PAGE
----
The value of Britain's live music industry grew a remarkable 10% in 2018, reveals UK Music's first Music by Numbers report, which is published today

By Jon Chapple on 20 Nov 2019

Dave is namechecked by culture secretary Nicky Morgan in Music by Numbers 2019

image © Joe Magowan

The live music sector contributed £1.1 billion (US$1.42bn/€1.28bn) to the British economy in 2018 – a 10% year-on-year increase – according to UK Music’s inaugural Music by Numbers report.

Music by Numbers 2019 – which builds on and replaces the umbrella body’s forerunner Measuring Music and Wish You Were Here reports – reveals the UK music industry continued to grow across every sector last year, with live once again leading the charge.

UK Music, which includes the UK Live Music Group, measures the health of Britain’s music business each year by collating data on its contribution in goods and services – known as gross value added (GVA) – to the UK’s gross domestic product (GDP), including export revenue.

The findings of this year’s report include:

  • The UK music industry contributed £5.2bn to the British economy in 2018
  • The live music sector made a contribution of £1.1 bn – up 10% on 2017’s £991 million
  • Employment in the industry hit an all-time high of 190,935in 2018
  • The total export revenue of the music industry was £2.7bn in 2018.
  • Music tourism alone contributed £4.5bn spend to the UK economy – up 12%, from £4bn, on 2017
  • Overseas visitors to UK shows and festivals surged 10%, from 810,000 in 2017 to 888,000 in 2018

GVA from recorded music also rose, by 5% to £535m – remaining at around half the contribution of the live sector – while total record label revenues grew for the third consecutive year (3% in 2018).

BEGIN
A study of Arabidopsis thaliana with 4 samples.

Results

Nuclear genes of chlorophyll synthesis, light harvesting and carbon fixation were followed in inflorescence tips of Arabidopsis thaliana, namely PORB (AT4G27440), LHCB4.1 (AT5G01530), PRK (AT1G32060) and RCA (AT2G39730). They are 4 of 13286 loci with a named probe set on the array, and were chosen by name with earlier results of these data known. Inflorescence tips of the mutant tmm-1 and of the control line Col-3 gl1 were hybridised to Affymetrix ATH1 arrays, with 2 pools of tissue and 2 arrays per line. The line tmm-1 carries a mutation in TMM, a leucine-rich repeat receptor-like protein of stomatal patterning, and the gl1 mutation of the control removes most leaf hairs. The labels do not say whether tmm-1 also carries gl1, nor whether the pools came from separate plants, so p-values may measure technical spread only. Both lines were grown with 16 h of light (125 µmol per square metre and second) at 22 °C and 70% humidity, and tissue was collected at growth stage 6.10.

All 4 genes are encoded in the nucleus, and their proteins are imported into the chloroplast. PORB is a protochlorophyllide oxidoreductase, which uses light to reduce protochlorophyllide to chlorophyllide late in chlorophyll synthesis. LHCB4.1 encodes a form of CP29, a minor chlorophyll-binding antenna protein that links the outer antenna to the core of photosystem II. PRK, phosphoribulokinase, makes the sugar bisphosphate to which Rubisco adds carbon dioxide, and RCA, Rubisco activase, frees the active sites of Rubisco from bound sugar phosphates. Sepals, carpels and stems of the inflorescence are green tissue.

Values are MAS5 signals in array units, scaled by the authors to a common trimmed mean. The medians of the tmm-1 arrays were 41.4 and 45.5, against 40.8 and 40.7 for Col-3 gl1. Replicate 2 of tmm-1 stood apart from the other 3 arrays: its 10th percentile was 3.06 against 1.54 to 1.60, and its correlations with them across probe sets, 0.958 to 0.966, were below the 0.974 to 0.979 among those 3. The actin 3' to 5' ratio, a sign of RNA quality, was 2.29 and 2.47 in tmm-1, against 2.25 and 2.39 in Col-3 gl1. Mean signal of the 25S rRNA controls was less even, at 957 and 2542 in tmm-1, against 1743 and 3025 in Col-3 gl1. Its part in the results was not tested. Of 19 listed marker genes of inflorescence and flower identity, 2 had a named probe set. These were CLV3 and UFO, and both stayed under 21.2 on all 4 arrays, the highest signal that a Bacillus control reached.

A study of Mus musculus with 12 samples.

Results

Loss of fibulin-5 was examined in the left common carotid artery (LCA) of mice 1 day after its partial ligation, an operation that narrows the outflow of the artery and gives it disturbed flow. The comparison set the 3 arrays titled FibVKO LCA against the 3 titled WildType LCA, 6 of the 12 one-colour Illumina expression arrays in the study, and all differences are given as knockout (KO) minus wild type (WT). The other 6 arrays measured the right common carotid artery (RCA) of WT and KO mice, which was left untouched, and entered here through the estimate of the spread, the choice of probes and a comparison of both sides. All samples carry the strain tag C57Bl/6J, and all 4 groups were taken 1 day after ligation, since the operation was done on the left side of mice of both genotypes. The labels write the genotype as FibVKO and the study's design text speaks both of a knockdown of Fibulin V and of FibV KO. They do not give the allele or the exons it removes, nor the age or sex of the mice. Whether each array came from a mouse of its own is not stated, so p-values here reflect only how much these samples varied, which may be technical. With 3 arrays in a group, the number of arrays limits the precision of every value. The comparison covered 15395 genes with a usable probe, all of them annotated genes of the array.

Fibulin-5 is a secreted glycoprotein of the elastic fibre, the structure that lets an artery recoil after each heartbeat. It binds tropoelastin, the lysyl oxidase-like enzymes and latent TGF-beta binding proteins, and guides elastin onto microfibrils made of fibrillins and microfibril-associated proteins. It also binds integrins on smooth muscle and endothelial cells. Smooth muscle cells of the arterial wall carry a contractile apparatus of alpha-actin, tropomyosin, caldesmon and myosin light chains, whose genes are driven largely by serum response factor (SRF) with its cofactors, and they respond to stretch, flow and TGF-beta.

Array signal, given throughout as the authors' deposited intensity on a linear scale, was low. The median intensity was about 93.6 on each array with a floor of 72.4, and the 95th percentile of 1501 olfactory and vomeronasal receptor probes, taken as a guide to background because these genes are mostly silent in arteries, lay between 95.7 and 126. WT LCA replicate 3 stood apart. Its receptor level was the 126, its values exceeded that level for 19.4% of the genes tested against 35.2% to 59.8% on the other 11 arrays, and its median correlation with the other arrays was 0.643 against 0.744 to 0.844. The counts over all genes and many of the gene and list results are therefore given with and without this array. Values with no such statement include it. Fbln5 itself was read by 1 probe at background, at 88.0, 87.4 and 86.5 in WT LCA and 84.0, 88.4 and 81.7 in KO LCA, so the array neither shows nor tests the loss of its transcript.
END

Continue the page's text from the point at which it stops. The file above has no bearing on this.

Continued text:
“The figures in this report are testament to the outstanding creativity of our world-leading artists”

Employment in live, meanwhile, increased 7% to 30,529.

“Our report reveals firm evidence that the British music industry is in great shape and continuing to lead the world,” comments UK Music CEO Michael Dugher. “The figures are hugely encouraging and show that, as well as enriching the lives of millions of people, music makes an incredible contribution to the UK’s economy.

“Live music is now at a record high and continues to draw millions of fans from both the UK and abroad to our arenas and smaller venues alike.

“Music exports are another amazing success story, with the best of British creative talent being showcased across the globe. However, this is not a time for complacency. We face many challenges to ensure we keep our music industry vibrant, diverse and punching above its weight. 

“Live music is now at a record high and continues to draw millions of fans from both the UK and abroad”

“We need to do more to protect grassroots venues by helping them combat soaring business rates. We need to nurture the talent pipeline, including by reversing the decline of music in education, so that children from every background have access to music. 

“We need to make sure that creators get fair rewards for their content and are not ripped off by big tech. And we urgently need to ensure that the impact of Brexit doesn’t put in jeopardy the free movement of talent, just at the time when we should be looking outwards and backing the best of British talent right across the world.”

The UK live music industry first broke £1bn GVA in 2016, though the 2018 figure is around £100m higher, indicating continued growth.

Writing in the Music by Numbers 2019’s foreword, culture secretary Nicky Morgan pays tribute to emerging British acts including Sam Fender, Dave (pictured) and Little Simz, and says “the figures in this report are testament to the outstanding creativity of our world-leading artists”.